The Palin Doctrine

She would go beyond various Bush 'doctrines' and 'do whatever it takes' against terrorists.

Sarah Palin may be excused for not knowing "the Bush doctrine." The term was thrown at her like a curve ball during an interview last week by ABC's Charles Gibson, whose own description was incomplete. But her assertion of a potential new "doctrine" – one she might bring to the White House – is far less pardonable.

She said during that interview that the United States "must do whatever it takes" to fight terrorism. This implies the same amoral existentialism that terrorists use. It goes against the very principles of Western civilization that the jihadists seek to destroy.

Ever since these Islamic radicals began attacking US citizens and others, some in the American security establishment have practiced this unprincipled "doctrine." Just think of the abuses at Abu Ghraib prison in Iraq or the use of torture against top Al Qaeda figures.

But her do-anything approach appears to go beyond the set of foreign policies put forth by President Bush and that have been dubbed by the media and others as "the Bush doctrine."

When first in office, Mr. Bush set his mark as president by unilaterally withdrawing US support for a few international agreements, such as the Kyoto accords on global warming. Then after 9/11, he warned countries backing terrorists that they are vulnerable to attack. This led to the ousting of the Taliban rulers in Afghanistan.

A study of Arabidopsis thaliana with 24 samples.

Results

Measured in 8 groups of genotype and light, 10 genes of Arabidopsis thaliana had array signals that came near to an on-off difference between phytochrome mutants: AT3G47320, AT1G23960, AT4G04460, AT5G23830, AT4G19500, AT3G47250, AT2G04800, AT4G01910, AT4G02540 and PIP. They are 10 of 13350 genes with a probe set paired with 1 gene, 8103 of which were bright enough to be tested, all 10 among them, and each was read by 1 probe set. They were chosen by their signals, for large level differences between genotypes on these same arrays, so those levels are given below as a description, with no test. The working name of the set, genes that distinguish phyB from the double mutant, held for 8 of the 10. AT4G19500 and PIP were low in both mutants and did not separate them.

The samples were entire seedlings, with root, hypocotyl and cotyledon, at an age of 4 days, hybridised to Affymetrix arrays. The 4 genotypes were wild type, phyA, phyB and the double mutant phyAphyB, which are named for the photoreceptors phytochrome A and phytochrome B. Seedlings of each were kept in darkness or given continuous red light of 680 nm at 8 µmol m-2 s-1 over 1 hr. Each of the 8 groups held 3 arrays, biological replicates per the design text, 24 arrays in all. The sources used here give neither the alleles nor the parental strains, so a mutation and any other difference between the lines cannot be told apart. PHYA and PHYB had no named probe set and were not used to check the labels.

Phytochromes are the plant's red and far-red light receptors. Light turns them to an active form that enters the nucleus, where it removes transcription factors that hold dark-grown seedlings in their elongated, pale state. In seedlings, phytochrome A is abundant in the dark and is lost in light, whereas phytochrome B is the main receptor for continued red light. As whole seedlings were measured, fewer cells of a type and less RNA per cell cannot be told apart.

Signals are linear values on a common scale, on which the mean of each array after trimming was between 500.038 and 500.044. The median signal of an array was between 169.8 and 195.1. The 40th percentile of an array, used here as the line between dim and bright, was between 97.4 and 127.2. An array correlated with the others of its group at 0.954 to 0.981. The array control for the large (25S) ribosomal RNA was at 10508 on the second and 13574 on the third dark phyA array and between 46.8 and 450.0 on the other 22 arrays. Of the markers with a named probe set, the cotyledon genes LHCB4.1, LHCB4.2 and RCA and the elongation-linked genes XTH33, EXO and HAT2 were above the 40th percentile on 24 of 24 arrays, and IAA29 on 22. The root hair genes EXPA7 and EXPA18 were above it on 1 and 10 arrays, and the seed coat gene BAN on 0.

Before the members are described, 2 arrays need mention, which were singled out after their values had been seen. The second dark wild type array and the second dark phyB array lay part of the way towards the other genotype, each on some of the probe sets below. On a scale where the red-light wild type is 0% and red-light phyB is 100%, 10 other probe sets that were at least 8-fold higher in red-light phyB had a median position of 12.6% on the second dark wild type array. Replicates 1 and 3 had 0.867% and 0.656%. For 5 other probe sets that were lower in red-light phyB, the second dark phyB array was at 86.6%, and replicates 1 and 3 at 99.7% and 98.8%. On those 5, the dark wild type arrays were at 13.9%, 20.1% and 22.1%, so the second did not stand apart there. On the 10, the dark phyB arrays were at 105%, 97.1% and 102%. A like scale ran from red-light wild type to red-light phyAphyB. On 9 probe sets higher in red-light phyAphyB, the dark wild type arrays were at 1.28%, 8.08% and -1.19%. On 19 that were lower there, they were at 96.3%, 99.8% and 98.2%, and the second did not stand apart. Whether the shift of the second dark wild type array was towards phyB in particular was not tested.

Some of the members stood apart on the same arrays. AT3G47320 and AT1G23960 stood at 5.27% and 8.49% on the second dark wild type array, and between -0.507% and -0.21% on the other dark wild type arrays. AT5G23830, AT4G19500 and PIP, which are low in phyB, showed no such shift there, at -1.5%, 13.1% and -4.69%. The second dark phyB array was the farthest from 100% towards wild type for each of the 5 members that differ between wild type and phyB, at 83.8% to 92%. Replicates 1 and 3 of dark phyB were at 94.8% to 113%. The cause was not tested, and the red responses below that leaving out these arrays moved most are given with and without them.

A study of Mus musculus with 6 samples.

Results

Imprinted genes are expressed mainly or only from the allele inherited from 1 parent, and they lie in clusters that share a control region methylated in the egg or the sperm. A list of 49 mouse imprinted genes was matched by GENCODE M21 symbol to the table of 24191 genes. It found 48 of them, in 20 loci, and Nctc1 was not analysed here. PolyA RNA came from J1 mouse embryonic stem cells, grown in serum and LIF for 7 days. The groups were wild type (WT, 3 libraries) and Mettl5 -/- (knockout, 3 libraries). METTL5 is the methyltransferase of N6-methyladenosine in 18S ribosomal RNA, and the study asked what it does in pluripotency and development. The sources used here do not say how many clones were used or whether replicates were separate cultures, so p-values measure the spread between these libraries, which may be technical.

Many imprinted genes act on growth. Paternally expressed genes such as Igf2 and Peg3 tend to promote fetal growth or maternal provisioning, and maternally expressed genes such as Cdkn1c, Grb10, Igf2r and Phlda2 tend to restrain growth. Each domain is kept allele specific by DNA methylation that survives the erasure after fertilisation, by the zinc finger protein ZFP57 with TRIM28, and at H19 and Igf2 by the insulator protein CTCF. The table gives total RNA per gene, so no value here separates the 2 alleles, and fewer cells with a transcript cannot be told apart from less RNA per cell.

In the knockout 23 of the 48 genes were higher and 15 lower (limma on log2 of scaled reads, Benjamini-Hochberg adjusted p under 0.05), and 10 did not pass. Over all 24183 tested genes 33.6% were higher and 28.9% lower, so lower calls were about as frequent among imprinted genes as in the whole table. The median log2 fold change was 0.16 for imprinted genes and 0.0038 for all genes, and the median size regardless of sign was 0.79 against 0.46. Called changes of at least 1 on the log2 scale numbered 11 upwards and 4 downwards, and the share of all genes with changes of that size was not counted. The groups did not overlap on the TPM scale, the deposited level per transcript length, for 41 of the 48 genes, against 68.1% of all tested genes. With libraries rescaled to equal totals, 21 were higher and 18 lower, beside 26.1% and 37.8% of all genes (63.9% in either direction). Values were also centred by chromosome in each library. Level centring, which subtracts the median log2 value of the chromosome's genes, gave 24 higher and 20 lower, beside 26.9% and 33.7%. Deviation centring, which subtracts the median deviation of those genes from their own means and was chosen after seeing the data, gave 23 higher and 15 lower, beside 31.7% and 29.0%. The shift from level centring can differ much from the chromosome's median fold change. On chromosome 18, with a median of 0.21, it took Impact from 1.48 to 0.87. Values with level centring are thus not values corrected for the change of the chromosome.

Later, in the run up to the 2003 Iraq invasion, Bush justified preemptive strikes on countries that might give weapons of mass destruction to terrorists. That was one Bush "doctrine" that Mr. Gibson was obliquely referring to, later calling it "anticipatory self-defense." The policy is similar to the action of a homeowner who shoots a masked gunman standing outside a bedroom window.

Finally, Bush asserted a "doctrine" that promotion of democracy in Islamic countries is a necessary defense against the spread of jihadist terrorism.

All these policies have been pieced together ad hoc by Bush. In evoking one Bush "doctrine," Gibson was trying to be very timely, perhaps hoping to test the Republican vice presidential nominee. He wanted to know if she, as John McCain and Barack Obama do, supports the recent US attacks on Al Qaeda and Taliban hideouts in Pakistan without that country's approval.

Here, Ms. Palin was less the hawk as she offered a nuanced answer that Gibson apparently didn't like. She said she would work with US-friendly countries like Pakistan so military strikes would be a last option.

The problem is that Pakistan is not as committed as the US to ousting militants on its border. It may prefer to keep some Taliban in reserve for Pakistan's historic struggle with India for influence in Afghanistan. That's a problem for the US and may have led Palin to say she would "do whatever it takes."

Her statement may also simply reflect the campaign competition to appear tough on national security, especially to biased voters who wonder if a woman can be an able commander in chief.

Candidates must be more careful with what they say during the heat of a campaign. Once in office, they may regret having taken a position as extreme as those of a US enemy.